When the going gets tough – Performance management and warnings

Performance managing employees is an important but complex and time consuming process. The risks to employers can be significant. There are a number of steps which employers can take to minimise the risks associated with performance management, issuing warnings and terminating an employee.

This article is part 1 of a 2 part article series. This article considers the performance management process and issuing warnings to employees. The second article will relate to the termination process including notice periods and risks of unfair dismissal and adverse action.  

Performance management

Underperformance occurs when an employee is not doing their job properly or is behaving unacceptably at work. It includes not carrying out work to the standard required or not doing their designated job at all.

To manage underperformance, employers can:

  • list behavioural and outcome expectations in position descriptions;
  • address any issues of underperformance with the employee as soon as possible;
  • conduct regular performance reviews to outline and discuss expectations;
  • encourage the employee to discuss any issues they are having with performing their role.

When an employee is underperforming, the employer and employee should meet to discuss the situation. The employee should be given written notice of the meeting including sufficient notice of the meeting and details of what the meeting is about.

Although there is no legal requirement for an employer to invite the employee to bring a support person to a performance related meeting, it is best practice to provide the employee with an opportunity to bring a support person to the meeting. Whether the employer made it clear to the employee that they could have a support person present at a performance related meeting is something the Fair Work Commission will consider if the employee is terminated and lodges a claim for unfair dismissal against the employer. Any refusal by an employer to allow the employee to have a support person at the meeting will be viewed unfavourably by the Commission.

At a performance related meeting, the employer should:

  • be clear about the issues or concerns that the employer has with the employee;
  • listen to the employee, invite the employee to make comments and take the employee’s comments into consideration;
  • make sure both the employer and the employee discuss the situation and agree on a solution together including reasonable steps for improvement and the timeframe for improvement;
  • document the meeting and the agreed outcomes;
  • provide a written summary of the meeting and any agreed outcomes to the employee as soon as practicable after the meeting.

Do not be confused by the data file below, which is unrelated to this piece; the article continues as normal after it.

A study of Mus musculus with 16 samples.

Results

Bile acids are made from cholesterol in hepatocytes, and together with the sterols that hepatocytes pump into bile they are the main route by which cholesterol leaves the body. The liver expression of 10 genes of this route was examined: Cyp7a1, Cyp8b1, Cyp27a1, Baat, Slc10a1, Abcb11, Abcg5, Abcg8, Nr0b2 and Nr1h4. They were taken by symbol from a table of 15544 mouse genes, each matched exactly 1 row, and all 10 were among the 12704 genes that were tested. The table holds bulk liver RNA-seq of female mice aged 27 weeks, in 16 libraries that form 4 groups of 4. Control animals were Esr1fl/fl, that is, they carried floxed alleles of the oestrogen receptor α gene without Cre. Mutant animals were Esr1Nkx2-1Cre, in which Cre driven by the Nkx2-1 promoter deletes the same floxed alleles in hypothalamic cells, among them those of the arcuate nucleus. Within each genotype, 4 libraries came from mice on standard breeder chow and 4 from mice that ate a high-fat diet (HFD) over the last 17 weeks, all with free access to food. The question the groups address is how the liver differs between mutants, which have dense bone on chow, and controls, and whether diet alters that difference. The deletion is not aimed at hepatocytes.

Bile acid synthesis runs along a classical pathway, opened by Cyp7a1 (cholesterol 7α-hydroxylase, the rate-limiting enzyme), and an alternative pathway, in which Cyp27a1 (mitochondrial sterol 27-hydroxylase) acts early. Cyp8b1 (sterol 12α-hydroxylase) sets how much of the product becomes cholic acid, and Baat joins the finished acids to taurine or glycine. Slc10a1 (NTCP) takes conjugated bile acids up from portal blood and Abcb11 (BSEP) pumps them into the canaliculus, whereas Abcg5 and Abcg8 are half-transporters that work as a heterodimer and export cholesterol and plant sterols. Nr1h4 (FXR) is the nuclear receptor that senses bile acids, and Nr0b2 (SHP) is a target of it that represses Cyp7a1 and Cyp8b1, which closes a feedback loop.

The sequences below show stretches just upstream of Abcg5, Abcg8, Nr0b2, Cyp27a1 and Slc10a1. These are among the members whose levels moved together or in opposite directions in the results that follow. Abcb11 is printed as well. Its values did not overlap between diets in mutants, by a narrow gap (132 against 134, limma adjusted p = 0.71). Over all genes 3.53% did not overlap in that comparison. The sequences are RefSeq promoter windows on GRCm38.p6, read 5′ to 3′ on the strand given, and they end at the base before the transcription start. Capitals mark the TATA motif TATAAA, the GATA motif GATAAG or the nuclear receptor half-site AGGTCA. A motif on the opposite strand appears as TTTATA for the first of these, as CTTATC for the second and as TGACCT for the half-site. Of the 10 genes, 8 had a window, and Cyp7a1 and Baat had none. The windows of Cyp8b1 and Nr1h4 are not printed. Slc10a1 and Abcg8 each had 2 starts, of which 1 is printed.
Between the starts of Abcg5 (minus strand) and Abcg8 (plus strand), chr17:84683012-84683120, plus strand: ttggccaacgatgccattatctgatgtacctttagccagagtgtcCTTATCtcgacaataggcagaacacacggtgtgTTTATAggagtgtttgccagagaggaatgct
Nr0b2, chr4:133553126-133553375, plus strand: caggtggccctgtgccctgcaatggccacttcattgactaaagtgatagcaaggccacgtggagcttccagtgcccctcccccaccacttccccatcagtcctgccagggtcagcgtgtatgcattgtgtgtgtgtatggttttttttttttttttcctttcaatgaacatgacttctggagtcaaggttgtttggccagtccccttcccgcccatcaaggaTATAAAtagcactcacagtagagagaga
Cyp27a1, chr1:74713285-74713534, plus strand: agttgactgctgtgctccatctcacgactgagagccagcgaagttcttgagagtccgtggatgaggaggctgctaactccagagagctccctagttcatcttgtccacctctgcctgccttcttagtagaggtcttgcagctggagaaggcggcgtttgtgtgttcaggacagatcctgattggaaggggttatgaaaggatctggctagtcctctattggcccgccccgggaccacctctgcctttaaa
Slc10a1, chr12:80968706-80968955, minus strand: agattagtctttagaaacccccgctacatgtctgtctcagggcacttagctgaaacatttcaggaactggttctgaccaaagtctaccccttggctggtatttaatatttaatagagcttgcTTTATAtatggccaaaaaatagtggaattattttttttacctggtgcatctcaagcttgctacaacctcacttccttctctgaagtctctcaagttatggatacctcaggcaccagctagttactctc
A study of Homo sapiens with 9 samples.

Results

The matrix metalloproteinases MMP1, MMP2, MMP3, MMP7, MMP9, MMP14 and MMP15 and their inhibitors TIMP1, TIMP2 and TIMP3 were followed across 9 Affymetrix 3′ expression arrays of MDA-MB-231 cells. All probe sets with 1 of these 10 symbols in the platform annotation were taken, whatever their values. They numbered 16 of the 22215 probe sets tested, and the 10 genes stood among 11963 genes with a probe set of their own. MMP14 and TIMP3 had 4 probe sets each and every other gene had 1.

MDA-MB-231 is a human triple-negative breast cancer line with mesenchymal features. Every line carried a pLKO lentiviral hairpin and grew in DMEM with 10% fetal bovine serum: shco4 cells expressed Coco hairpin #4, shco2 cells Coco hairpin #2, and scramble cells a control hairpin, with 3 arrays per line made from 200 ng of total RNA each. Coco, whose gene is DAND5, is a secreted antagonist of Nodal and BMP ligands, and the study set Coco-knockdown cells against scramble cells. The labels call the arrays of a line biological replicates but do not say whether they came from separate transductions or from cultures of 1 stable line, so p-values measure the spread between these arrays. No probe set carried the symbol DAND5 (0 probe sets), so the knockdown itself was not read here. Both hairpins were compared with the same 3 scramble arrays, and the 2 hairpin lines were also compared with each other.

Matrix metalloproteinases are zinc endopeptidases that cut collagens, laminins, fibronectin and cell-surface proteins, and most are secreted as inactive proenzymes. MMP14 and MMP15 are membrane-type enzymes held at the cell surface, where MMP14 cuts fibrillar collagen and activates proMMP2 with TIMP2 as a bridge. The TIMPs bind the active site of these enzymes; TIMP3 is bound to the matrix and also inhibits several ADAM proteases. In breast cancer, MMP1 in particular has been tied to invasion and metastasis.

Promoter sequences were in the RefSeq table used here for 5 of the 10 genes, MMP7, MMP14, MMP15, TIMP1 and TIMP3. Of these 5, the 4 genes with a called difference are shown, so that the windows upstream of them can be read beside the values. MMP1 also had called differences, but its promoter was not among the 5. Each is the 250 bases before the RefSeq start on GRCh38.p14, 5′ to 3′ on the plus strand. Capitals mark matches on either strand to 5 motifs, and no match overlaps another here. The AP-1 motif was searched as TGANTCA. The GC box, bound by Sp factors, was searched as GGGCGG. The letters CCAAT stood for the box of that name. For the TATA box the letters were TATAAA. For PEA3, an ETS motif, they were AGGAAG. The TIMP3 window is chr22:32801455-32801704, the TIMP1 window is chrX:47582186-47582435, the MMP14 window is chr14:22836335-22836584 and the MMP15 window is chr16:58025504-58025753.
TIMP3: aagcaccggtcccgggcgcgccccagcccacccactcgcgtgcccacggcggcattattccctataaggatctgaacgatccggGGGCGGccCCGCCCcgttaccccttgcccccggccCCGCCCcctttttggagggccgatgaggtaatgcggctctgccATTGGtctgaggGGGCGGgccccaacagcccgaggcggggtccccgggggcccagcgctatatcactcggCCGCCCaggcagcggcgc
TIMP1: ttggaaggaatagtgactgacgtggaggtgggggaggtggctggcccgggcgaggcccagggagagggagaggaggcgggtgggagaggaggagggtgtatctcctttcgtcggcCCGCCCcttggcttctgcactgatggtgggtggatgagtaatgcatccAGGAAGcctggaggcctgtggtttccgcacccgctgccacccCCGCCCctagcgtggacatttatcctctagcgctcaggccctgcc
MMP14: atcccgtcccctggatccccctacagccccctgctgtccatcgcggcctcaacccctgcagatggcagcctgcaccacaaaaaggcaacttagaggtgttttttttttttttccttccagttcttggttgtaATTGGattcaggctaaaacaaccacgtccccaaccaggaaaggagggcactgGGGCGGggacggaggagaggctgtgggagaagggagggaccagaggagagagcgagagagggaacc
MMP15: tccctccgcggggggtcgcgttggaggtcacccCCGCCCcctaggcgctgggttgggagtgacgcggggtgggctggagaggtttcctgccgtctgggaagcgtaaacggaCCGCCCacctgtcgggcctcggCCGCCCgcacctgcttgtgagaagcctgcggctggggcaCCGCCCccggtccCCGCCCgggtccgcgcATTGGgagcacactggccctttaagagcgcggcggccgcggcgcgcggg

Once the employee understands the required standard, regular follow up meetings should be scheduled and held. Follow up meetings provide both the employer and the employee with an opportunity to discuss progress and ongoing improvement. If the standard required of the employee is not met within the agreed timeframe, the employer should tell the employee and if necessary, issue a warning to the employee.


There is no legal requirement to provide an employee with a written warning before terminating their employment. However, it is best practice to issue at least one written warning. Similarly, an employee should be given a chance to improve their performance before their employment is terminated for underperformance. These are factors which the Fair Work Commission will take into consideration if the employee is dismissed and a claim for unfair dismissal is made against the employer.

If an employer provides an employee with a written warning about the employee’s performance, the warning should:

  • state the reason for the warning;
  • provide sufficient details about why the warning is being given;
  • set clear expectations about what needs to be done differently by the employee and in what timeframe;
  • clearly state that if the standard of performance does not improve within a specified time, further disciplinary action will be taken by the employer against the employee which may include termination of employment;
  • be fair and reasonable in the circumstances.

Employers should ensure that their performance management processes comply with best practice requirements. This is necessary to minimise the risk of a claim for unfair dismissal or adverse action. 

If you have any queries regarding managing your employees or any other employment law issue, please contact Sarah Stoddart on (07) 3370 0200 or sarahstoddart@stoddartlegal.com.au

This article is intended to be for general information only. It does not constitute legal advice nor does it establish a relationship of client and lawyer. Specific circumstances or changes in law may vary the accuracy or applicability of the information published. We recommend seeking specific legal advice particular to your circumstances before taking any action, or refraining from taking any action, on any issue dealt with in this article.